Transcript of audio on the post DNA vaccine could improve immunotherapy for cancer.
“My name is Alan Melcher, I’m Professor of Clinical Oncology and Biotherapy at the University of Leeds.
What we’ve done in this work is that we’re trying to stimulate the immune system to attack cancers, and we’ve developed a treatment based on viruses which we have genetically engineered so that they make proteins called antigens.
When we vaccinate with this virus, these antigens get made, which the immune system recognises and attacks. And because the cancer also makes these antigens, when the immune system is stimulated in this way, it is stimulated to attack the tumour.”
What makes this research different from other vaccine studies we’ve seen recently?
“What we’ve done here is with gene therapy – there’s been quite a lot in the past with using the immune system in gene therapy, but it’s tended to only use very few antigens to stimulate the immune response. What we’ve done here is to take a whole library of DNA from a tissue within which there are lots and lots of different antigens, put that library into a virus, and use that as the vaccine.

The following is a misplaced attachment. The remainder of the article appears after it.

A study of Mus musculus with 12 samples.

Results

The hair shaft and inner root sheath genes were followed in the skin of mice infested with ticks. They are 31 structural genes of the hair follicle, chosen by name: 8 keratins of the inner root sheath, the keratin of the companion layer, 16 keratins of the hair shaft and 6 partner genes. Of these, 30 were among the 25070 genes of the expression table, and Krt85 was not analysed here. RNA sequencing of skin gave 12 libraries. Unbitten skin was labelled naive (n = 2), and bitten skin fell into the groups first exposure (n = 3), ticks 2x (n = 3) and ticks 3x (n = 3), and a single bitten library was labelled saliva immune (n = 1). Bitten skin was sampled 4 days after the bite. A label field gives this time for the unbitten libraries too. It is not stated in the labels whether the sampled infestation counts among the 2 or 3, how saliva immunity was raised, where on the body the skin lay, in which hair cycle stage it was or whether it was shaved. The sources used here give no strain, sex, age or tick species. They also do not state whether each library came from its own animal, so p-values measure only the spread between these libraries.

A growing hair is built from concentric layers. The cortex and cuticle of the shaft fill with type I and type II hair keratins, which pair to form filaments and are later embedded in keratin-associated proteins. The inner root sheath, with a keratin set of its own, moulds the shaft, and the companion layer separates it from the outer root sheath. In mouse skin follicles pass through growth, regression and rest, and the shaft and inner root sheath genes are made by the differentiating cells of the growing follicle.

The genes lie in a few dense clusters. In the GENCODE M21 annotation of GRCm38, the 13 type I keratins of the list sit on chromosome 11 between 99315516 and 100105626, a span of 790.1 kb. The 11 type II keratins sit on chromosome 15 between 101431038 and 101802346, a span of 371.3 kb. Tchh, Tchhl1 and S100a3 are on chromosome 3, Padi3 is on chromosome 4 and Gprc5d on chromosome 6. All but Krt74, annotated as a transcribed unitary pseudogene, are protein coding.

What happens there is that the immune system is very good at recognising viruses, so it’s get activated and stimulated. And because these viruses have a library of tumour antigens within them, the activated immune system can also recognise and attack the cancer.”
Are there any concerns about this over-stimulating the immune system?
“Yes – that has always been (and remains) a concern in any immune-based treatment. But certainly in the experiments we’ve done to date, we have not seen a problem with over-activation of the immune system causing toxicity or side effects from this virus DNA library approach.”
So what does this mean for patients at the moment?
“It is very early days in terms of applying this to patients. What we can say is that viruses similar to the one that we’ve used here have been used in trials and are looking quite promising, so the platform is there and appears safe and deliverable. So I think there’s reason for optimism that this particular vaccine approach can be a future development of current virus-based treatments.
The next steps are for us to widen the application of this particular approach, so to take forward the idea of DNA virus vaccine libraries. We want to explore this in a range of different tumours, and more using these treatments not by themselves but in combination with standard treatments such as chemotherapy.”